Some of the ideas discussed in this blog are published in my new book called "The Stonehenge Bluestones" -- available by post and through good bookshops everywhere. Bad bookshops might not have it....

The Stonehenge Bluestones: what the old geologists said.......

The geologist AC Ramsey, the first to suggest a Welsh "connection" for the bluestones

Time for a short history lesson. Let's just remind ourselves what the old geologists thought about the Stonehenge bluestones.

It was suggested as early as 1858 by Ramsey that the foreign stones built into the Stonehenge monument had come from Wales, and in this he was supported by Maskelyne (1878) following the first petrological study of the stones. This early work established that the bluestones were anything but uniform, and showed that the stone group included spotted and unspotted dolerites, various rhyolites (lavas and ignimbrites), sandstones and volcanic ashes. As many as ten different sources were suggested, and this number was pushed up substantially when other rock types (including limestone, siltstone, greywacke, flagstone and slate) were recognized in the assemblage of rock flakes and chips on the site, and were assumed to have come from the destruction and working of some of the bluestones used in the stone settings. This sheer variety of rock types is striking, and is sometimes ignored in discussions about the supposed “bluestone quarries” in Pembrokeshire, at Carn Meini, Rhosyfelin and Carn Goedog.

Henry Hicks from St David's, who made some smart observations around his home area

 Sir Archibald Geikie, one of the great patriarchs of British geology

Far to the west of Stonehenge, Hicks (1885) recorded striations and erratic movement in the St David's area (where he lived) that could only be explained by ice coming onshore from the north-west. In 1891 he also demonstrated that the lowland parts of Pembrokeshire had been inundated to a great depth by ice coming in from St George's Channel.  Geikie (1894) proposed that the ice coming in from the sea extended all the way up the Bristol Channel and pressed well across the present coastlines of Devon and Somerset. The term "Irish Sea Glacier" was coined by Carvill Lewis (1894) to describe the great ice stream that extended all the way from Scotland, passing between Wales and Ireland and extending at least as far as St George’s Channel.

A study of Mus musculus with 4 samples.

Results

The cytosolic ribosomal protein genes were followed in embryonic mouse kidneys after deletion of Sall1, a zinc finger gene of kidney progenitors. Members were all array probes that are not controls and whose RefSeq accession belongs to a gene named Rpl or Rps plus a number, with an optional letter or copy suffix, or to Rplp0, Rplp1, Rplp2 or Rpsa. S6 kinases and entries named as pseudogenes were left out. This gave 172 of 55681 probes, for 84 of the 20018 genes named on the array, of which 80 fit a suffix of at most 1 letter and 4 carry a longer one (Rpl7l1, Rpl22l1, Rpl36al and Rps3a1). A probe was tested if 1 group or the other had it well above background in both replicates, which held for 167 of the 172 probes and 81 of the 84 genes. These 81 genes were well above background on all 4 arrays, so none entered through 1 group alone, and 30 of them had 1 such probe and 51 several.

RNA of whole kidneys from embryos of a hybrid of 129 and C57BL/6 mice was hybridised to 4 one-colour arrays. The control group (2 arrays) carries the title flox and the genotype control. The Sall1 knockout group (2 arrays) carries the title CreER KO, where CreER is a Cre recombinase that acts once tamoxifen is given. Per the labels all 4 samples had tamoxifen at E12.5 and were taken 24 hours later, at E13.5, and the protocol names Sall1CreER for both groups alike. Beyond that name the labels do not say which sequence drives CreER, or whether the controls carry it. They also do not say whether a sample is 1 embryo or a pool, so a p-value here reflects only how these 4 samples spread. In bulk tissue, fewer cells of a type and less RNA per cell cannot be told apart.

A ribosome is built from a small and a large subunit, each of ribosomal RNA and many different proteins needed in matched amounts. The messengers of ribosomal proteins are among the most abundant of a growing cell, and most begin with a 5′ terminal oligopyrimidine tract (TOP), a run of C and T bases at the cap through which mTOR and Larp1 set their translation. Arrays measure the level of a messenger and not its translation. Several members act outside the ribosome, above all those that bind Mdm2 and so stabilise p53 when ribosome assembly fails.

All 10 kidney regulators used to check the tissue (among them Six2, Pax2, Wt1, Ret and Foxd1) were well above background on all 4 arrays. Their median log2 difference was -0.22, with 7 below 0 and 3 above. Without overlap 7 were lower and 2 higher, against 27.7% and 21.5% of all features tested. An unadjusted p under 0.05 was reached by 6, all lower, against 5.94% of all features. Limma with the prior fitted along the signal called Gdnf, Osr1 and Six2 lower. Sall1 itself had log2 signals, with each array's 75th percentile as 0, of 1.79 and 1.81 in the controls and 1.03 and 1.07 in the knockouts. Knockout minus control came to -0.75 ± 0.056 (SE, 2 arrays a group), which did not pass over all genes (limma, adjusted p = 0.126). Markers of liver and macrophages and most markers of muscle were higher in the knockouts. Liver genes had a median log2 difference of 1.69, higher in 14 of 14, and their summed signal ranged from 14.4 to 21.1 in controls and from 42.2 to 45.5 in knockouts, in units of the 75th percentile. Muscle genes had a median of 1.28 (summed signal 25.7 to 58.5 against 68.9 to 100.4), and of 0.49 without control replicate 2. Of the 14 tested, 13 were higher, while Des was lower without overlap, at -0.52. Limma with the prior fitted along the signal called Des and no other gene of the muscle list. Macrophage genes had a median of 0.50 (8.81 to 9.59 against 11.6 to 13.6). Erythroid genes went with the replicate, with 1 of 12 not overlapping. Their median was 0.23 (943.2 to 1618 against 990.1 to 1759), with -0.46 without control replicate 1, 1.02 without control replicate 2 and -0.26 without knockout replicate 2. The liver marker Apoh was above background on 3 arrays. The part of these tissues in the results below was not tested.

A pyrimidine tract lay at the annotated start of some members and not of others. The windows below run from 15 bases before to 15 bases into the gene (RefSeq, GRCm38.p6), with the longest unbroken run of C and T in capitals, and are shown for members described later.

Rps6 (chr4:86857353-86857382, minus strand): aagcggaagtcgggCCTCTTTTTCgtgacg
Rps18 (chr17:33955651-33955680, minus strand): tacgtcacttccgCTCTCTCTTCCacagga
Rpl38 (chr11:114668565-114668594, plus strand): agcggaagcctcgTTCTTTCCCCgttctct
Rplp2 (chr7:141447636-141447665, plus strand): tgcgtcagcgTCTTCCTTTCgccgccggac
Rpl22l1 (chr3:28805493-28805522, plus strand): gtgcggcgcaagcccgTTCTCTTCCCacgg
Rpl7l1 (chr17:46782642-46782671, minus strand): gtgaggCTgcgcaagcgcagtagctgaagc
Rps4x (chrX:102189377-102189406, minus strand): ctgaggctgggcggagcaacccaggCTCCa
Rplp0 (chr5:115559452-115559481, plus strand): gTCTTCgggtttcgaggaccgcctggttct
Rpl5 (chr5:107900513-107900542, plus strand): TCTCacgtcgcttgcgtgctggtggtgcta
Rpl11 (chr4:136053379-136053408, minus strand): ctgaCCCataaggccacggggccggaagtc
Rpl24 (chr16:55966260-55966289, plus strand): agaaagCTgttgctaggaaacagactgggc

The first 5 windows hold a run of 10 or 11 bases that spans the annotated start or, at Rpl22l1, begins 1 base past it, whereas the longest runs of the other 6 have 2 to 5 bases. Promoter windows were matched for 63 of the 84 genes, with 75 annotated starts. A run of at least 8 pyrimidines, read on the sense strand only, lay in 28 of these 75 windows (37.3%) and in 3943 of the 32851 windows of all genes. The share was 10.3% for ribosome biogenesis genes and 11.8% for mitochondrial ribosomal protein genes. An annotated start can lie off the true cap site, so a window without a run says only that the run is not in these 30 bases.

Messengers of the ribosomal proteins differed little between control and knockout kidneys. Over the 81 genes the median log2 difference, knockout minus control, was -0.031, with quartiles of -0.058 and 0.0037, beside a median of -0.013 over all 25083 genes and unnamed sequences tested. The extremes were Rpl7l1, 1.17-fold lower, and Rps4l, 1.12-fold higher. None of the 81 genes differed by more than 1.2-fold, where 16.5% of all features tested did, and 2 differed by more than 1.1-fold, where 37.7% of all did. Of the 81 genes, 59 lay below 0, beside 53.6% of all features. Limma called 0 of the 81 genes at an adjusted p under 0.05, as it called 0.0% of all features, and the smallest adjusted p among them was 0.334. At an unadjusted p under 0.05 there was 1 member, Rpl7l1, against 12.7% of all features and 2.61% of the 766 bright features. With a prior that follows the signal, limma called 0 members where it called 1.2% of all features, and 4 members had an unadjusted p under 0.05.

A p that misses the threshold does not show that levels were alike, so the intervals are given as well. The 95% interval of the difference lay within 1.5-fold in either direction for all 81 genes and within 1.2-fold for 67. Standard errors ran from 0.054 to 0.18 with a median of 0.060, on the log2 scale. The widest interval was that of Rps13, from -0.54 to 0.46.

John Wesley Judd, who moved the glacial transport theory forward

In 1902 Judd suggested that the bluestones at Stonehenge were erratics of glacial origin. He argued that the assemblage of debris at Stonehenge had come from North Pembrokeshire or North Wales. He also observed that in areas affected by very ancient glaciations, most of the till had been eroded away by natural processes after hundreds of thousands of years, leaving only a thin scatter of erratics here and there. Further, he observed that hard stones (including bluestones) left behind on Salisbury Plain would have been targetted down through the centuries for building purposes simply because neither chalk nor flint makes good building material. This was a point also made quite forcefully by Thorpe et al (1991) following a large bluestone research project under the auspices of the Open University. Intriguingly, Judd concentrated not on the 43 known bluestone monoliths or orthostats themselves, but on the debitage or debris in the Stonehenge soil layer. He found an extraordinary assortment of soft or fragile stones including fissile sandstones, micaceous sandstones, greywackes (argillaceous and easily broken down), flagstones, slates and "clay-slates", and fine-grained glauconitic sandstones. He made the point specifically that this material did not seem to be very closely related to the remaining standing bluestones -- so he concluded that only the hardest stones had survived to the present day, with all the other material breaking down and becoming incorporated into the soil layer over many thousands of years. Judd suggested the presence of a “Stonehenge moraine” incorporating an abundance of foreign stones which would have been readily available to the builders of Stonehenge. He also argued that “stone availability” (of both bluestones and the larger sarsens) might have actually determined the precise position of the monument -- an idea which has subsequently been largely forgotten.

In 1904 TJ Jehu worked out the Pleistocene stratigraphy of North Pembrokeshire. He was a meticulous field worker who lived in wales before moving to Edinburgh, and his records of Pleistocene sections and stratigraphy remain valuable to researchers to this day. He agreed with Hicks that the traces of ice action (striations and erratic transport) all showed a dominant ice flow from north-west towards south-east.

In 1908 the geologist Herbert Thomas speculated on a Preseli origin for the Stonehenge bluestones, and in 1921 he gave his famous lecture that changed everything because of his bizarre and irrational belief that glacial transport would have been "impossible"........


TonyH said...

Mention of and the Irish Sea Glacier reminds me that one episode of BBC's "Coast" focused upon the lands abutting the Irish Sea. It also accurately defined the Irish Sea's boundaries.
"Coast" has Nick Crane as one of its key Presenters, and he is an academically - trained Geographer. Well worth taking a look at his achievements: a very lively - minded and active Geographer, also a decent writer, traveller, explorer and broadcaster, linked to the Geographical Association and other worthy bodies.

TonyH said...

I had meant to insert the name of Carvill Lewis in my previous comment, as you say he was the first to coin the term 'Irish Sea Glacier' back in 1894.